Trump's Approval Is Slipping Among White Evangelicals, A Key Element Of His Base
President Donald Trump needs full support from white evangelicals if he hopes to win reelection in November, but according to The New York Times, this key element of his base shows signs of cracking.
Over the past few weeks, religious conservatives reportedly have expressed concern to both the White House and the Trump campaign over the president’s political standing heading into the 2020 election.
Evangelicals have become “Unnerved by his slipping poll numbers and his failure to take command of the moral and public health crises straining the country,” The Times wrote.
Those who usually defend Trump’s indiscretions — bragging about grabbing women by the genitals, paying off porn stars, swearing at the National Prayer breakfast — are becoming less unified in their defense.
The Times noted that Christian Coalition founder Pat Robertson “scolded the president” for his aggressive stance against protesters in light of the murder of George Floyd last week in Minneapolis. He said, “You just don’t do that Mr. President. We’re one race. And we need to love each other.”
A number of polls have shown Trump slipping among white evangelicals and white Catholics, which The Times noted is “a shift that would imperil Mr. Trump’s re-election if he is not able to reverse it.”
Public Religion Research Institute polling found that Trump’s nearly 80 percent approval rating among white evangelicals in March had dropped to 62 percent by the end of May.
The same poll found that the president’s approval fell 27 points since March among white Catholics.
Robert P. Jones, PRRI’s chief executive, observed: “He had an opportunity in March when people were looking to him. And then within four weeks he squandered it.”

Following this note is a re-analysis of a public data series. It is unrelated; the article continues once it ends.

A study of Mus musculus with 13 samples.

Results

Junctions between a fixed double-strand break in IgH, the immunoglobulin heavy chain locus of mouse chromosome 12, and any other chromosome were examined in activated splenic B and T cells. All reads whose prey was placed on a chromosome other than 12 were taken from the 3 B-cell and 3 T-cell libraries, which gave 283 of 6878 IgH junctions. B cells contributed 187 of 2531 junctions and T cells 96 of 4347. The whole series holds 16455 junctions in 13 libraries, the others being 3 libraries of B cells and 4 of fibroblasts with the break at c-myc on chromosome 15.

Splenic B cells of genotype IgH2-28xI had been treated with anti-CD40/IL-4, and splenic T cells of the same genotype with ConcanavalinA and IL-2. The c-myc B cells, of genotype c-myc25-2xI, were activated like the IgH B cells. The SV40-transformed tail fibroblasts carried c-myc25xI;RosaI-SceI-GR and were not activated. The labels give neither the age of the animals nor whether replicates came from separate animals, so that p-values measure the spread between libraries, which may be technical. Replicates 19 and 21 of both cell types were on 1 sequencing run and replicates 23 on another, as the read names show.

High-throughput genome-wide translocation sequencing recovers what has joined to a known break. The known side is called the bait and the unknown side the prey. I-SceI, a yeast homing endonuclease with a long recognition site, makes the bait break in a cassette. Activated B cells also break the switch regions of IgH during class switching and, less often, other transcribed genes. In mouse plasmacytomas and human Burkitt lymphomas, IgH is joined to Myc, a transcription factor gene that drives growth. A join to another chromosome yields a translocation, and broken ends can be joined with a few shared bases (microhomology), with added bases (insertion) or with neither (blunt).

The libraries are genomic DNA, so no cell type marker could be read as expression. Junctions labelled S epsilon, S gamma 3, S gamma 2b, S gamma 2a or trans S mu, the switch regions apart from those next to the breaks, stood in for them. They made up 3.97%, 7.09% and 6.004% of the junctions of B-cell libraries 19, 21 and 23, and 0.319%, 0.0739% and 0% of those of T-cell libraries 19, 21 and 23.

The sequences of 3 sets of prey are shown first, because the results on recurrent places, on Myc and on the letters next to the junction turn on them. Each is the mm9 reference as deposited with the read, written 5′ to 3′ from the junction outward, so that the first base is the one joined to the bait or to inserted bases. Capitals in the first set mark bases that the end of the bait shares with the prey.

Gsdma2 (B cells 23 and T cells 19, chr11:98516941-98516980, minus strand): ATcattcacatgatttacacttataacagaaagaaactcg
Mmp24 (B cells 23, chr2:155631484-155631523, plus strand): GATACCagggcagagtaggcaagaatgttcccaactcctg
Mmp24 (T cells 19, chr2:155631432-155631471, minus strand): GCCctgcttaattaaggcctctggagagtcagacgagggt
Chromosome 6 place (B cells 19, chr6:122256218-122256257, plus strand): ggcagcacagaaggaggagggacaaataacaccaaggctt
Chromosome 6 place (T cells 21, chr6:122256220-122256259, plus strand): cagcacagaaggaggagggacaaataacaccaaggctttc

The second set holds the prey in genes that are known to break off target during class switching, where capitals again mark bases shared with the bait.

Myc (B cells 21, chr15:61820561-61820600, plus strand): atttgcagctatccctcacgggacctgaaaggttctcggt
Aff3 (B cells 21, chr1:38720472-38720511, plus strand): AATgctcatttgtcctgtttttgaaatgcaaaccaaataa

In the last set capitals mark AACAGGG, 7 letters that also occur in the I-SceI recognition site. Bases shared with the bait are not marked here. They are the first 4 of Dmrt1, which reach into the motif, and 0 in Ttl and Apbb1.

However, The Times noted that polling numbers are not necessarily indicative of how the election will play out: “In the fall of 2016, his approval rating with white evangelicals was only 61 percent. He went on to win 81 percent of them in November.”
As people whose cultural and political priorities have been extremely well served by the Trump administration, many religious conservatives long ago resigned themselves to his flaws — as a president, a husband and a professed Christian. Some have come to see him as something of a divine instrument, sent by God to advance their cause.
And many prominent white evangelicals continue to support and defend the president no matter what he says or does, like Franklin Graham, son of the late Billy Graham, and Ralph Reed, the founder of the Faith & Freedom Coalition — neither of whom took issue with Trump’s photo op last week holding a Bible in front of St. John’s Episcopal Church, despite the forcible clearing of protesters to make the event possible.
The Times noted that a 2019 poll from PRRI found that among white evangelical Trump supporters, 31 percent said there was nothing the president could do to lose their support.